Us Vs. Them -- But Who Are They?

(AP / CBS)
We're more than four years into the war, and the media may now be digging deeper into the brutal realities of Iraq than they ever have before. In recent weeks, reporters have been questioning whether Al Qaeda in Iraq is related to the Al Qaeda that attacked us on 9/11, as the president has implied. (The answer: Not really. Al Qaeda was not operational inside Iraq in 2001.) The media have also begun looking into the assistance that Iran is providing the Mahdi Army in Bahgdad as they fight American troops. And reporters have become more confrontational in presidential press conferences, with even Fox News folks starting to sound like Helen Thomas.

Yesterday, the Los Angeles Times took it to another level, asking: Who Are We Fighting? According to the blockbuster expose, very often it's an ally.

Although Bush administration officials have frequently lashed out at Syria and Iran, accusing it of helping insurgents and militias here, the largest number of foreign fighters and suicide bombers in Iraq come from a third neighbor, Saudi Arabia, according to a senior U.S. military officer and Iraqi lawmakers.

About 45% of all foreign militants targeting U.S. troops and Iraqi civilians and security forces are from Saudi Arabia; 15% are from Syria and Lebanon; and 10% are from North Africa, according to official U.S. military figures made available to The Times by the senior officer. Nearly half of the 135 foreigners in U.S. detention facilities in Iraq are Saudis, he said …

The situation has left the U.S. military in the awkward position of battling an enemy whose top source of foreign fighters is a key ally that at best has not been able to prevent its citizens from undertaking bloody attacks in Iraq, and at worst shares complicity in sending extremists to commit attacks against U.S. forces, Iraqi civilians and the Shiite-led government in Baghdad.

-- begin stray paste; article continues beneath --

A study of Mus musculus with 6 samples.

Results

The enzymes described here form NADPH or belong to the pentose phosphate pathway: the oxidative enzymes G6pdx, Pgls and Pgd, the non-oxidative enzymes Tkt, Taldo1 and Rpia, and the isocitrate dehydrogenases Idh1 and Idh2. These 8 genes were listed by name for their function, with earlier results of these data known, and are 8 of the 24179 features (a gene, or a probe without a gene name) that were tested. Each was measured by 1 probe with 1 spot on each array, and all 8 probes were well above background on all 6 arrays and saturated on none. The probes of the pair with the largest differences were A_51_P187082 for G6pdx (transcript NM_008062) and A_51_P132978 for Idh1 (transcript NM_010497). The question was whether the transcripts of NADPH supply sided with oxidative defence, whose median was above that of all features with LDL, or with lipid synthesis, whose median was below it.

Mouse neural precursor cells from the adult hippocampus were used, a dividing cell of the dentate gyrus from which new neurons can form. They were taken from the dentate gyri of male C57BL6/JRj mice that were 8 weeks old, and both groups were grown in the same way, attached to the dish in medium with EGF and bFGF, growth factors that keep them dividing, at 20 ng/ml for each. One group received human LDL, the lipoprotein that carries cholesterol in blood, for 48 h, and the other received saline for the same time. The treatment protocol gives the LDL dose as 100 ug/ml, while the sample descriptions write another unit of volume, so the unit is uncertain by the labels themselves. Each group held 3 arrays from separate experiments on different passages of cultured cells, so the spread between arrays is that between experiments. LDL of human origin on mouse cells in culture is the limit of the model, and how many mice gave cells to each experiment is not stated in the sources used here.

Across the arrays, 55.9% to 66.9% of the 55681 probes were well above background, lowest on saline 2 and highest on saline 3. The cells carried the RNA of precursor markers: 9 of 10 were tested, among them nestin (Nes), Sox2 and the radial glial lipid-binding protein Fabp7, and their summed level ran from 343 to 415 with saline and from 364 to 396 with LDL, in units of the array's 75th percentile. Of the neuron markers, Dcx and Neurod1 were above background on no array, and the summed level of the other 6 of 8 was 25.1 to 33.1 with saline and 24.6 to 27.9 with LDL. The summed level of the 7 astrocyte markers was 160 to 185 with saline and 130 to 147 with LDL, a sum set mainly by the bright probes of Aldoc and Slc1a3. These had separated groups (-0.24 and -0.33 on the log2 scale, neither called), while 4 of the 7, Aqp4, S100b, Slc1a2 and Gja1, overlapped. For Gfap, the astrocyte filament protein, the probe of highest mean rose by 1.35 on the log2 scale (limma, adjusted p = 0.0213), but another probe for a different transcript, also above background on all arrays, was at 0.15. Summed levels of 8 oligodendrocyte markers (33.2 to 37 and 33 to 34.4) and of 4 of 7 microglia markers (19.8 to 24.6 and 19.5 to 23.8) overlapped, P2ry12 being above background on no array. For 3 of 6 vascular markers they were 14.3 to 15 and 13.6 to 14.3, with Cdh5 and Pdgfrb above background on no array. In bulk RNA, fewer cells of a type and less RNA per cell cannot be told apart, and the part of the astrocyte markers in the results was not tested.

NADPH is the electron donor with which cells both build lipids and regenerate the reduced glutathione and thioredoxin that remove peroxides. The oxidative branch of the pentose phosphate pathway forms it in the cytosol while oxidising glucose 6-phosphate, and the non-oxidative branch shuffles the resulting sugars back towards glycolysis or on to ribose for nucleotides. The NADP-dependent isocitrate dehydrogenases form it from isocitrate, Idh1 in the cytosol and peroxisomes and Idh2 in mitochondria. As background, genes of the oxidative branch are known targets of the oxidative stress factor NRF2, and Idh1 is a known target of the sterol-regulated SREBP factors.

I know we've got a lot on our geopolitical plates here – from the political battle over the surge on the domestic front to concerns about North Korea to wondering about our other "ally" Pakistan's political stability – but here's hoping that a little extra attention be shed upon Saudi Arabia. (And given the fact that Iraq's parliament is going to be on vacation for all of August, maybe the news media can look south during that time on occasion.) This isn't tinfoil helmet stuff here; we knew soon after 9/11 that 15 of the 19 hijackers came from Saudi Arabia.

The war in Iraq and the war on terror don't lend themselves to simple us/them breakdowns. And this isn't a call to arms or a call for retreat – it's merely a call to approach things as clear-eyed as possible. There are a number of inconvenient truths about the war we are engaged in now. And the media would serve us well – in the current summer lull – by getting to the bottom of some of them.

The best news stories -- like the best presents under the Christmas tree -- come with the label "Some Assembly Required." A spot news story is always important, but in a complicated world the most crucial news stories are often those that, as we heard repeatedly in 2001, 'connect the dots.' The dots of news stories are out there, like stars in the night sky, but the true public service is done by the journalist who can identify the constellation and the story behind a spot here and there.